To send content items to your account,
please confirm that you agree to abide by our usage policies.
If this is the first time you use this feature, you will be asked to authorise Cambridge Core to connect with your account.
Find out more about sending content to .
To send content items to your Kindle, first ensure email@example.com
is added to your Approved Personal Document E-mail List under your Personal Document Settings
on the Manage Your Content and Devices page of your Amazon account. Then enter the ‘name’ part
of your Kindle email address below.
Find out more about sending to your Kindle.
Note you can select to send to either the @free.kindle.com or @kindle.com variations.
‘@free.kindle.com’ emails are free but can only be sent to your device when it is connected to wi-fi.
‘@kindle.com’ emails can be delivered even when you are not connected to wi-fi, but note that service fees apply.
Despite evidence of gender differences in bipolar disorder characteristics and comorbidity, there is little research on the differences in treatment and service use between men and women with bipolar disorder.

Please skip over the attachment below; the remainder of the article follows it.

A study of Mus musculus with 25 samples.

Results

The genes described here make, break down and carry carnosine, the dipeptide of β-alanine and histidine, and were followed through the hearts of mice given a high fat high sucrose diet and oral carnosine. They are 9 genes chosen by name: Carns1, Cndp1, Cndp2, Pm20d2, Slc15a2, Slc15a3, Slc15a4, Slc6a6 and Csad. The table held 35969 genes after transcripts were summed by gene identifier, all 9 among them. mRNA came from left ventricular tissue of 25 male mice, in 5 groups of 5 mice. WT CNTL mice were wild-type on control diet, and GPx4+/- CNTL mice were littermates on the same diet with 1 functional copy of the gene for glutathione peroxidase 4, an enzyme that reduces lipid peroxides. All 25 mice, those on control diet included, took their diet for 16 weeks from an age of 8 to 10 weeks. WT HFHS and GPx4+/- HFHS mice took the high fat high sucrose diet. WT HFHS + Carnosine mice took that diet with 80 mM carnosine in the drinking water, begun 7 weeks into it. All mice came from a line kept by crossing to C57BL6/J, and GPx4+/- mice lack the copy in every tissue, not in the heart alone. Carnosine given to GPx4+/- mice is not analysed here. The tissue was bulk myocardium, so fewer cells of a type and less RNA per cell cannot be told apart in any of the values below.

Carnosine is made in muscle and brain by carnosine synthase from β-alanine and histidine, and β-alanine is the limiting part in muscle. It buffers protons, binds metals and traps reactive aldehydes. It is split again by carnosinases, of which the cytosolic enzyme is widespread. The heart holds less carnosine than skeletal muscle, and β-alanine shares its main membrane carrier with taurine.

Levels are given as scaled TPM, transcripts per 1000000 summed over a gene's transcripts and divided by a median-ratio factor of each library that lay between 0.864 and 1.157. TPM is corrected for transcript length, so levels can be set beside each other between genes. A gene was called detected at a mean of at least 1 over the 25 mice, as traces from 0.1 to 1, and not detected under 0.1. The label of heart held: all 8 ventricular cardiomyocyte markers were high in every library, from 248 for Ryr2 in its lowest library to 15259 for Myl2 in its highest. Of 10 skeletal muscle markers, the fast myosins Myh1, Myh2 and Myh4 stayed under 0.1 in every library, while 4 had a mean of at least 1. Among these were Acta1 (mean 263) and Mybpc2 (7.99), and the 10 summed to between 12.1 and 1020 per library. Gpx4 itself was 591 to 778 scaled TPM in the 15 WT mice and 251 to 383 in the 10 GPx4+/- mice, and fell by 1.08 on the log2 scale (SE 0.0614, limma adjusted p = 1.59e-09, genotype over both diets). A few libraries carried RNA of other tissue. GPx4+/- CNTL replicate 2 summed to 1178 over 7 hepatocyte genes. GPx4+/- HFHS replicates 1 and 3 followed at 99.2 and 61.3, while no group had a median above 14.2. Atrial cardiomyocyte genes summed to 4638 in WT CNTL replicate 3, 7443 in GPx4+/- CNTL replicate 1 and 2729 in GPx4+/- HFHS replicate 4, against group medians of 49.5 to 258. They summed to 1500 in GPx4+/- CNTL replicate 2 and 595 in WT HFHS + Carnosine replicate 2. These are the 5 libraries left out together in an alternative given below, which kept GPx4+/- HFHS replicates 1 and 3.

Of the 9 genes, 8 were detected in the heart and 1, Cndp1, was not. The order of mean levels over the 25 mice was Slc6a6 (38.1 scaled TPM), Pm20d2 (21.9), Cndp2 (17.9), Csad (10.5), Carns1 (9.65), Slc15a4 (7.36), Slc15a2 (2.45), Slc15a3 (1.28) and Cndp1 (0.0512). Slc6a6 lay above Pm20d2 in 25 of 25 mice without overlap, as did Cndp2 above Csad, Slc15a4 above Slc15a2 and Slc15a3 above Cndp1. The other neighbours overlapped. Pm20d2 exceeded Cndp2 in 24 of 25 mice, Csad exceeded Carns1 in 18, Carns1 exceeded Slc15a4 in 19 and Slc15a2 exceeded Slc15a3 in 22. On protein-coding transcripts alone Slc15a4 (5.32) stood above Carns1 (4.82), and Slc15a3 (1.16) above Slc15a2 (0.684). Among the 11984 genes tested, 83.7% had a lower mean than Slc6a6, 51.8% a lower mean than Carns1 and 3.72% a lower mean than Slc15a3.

To use routine data to describe specialist mental health service contact for bipolar disorder, including in-patient, community and support service contacts; to compare clinical characteristics and mental health service use between men and women in contact with secondary services for bipolar disorder.
Cross-sectional analysis of mental health patients with bipolar disorder in New Zealand, based on complete national routine health data.
A total of 3639 individuals were in contact with specialist mental health services with a current diagnosis of bipolar disorder in 2015. Of these 58% were women and 46% were aged 45 and over. The 1-year prevalence rate of bipolar disorder leading to contact with specialist mental health services was 1.56 (95% CI 1.50–1.63) per 100 000 women and 1.20 (95% CI 1.14–1.26) per 100 000 men. Rates of bipolar disorder leading to service contact were 30% higher in women than men (rate ratio 1.30, 95% CI 1.22–1.39). The majority (68%) had a diagnosis of bipolar I disorder. Women were more likely to receive only out-patient treatment and have comorbid anxiety whereas more men had substance use disorder, were convicted for crimes when unwell, received compulsory treatment orders and received in-patient treatment.
Although the prevalence of bipolar disorder is equal between men and women in the population, women were more likely to have contact with specialist services for bipolar disorder but had a lower intensity of service interaction.
Email your librarian or administrator to recommend adding this to your organisation's collection.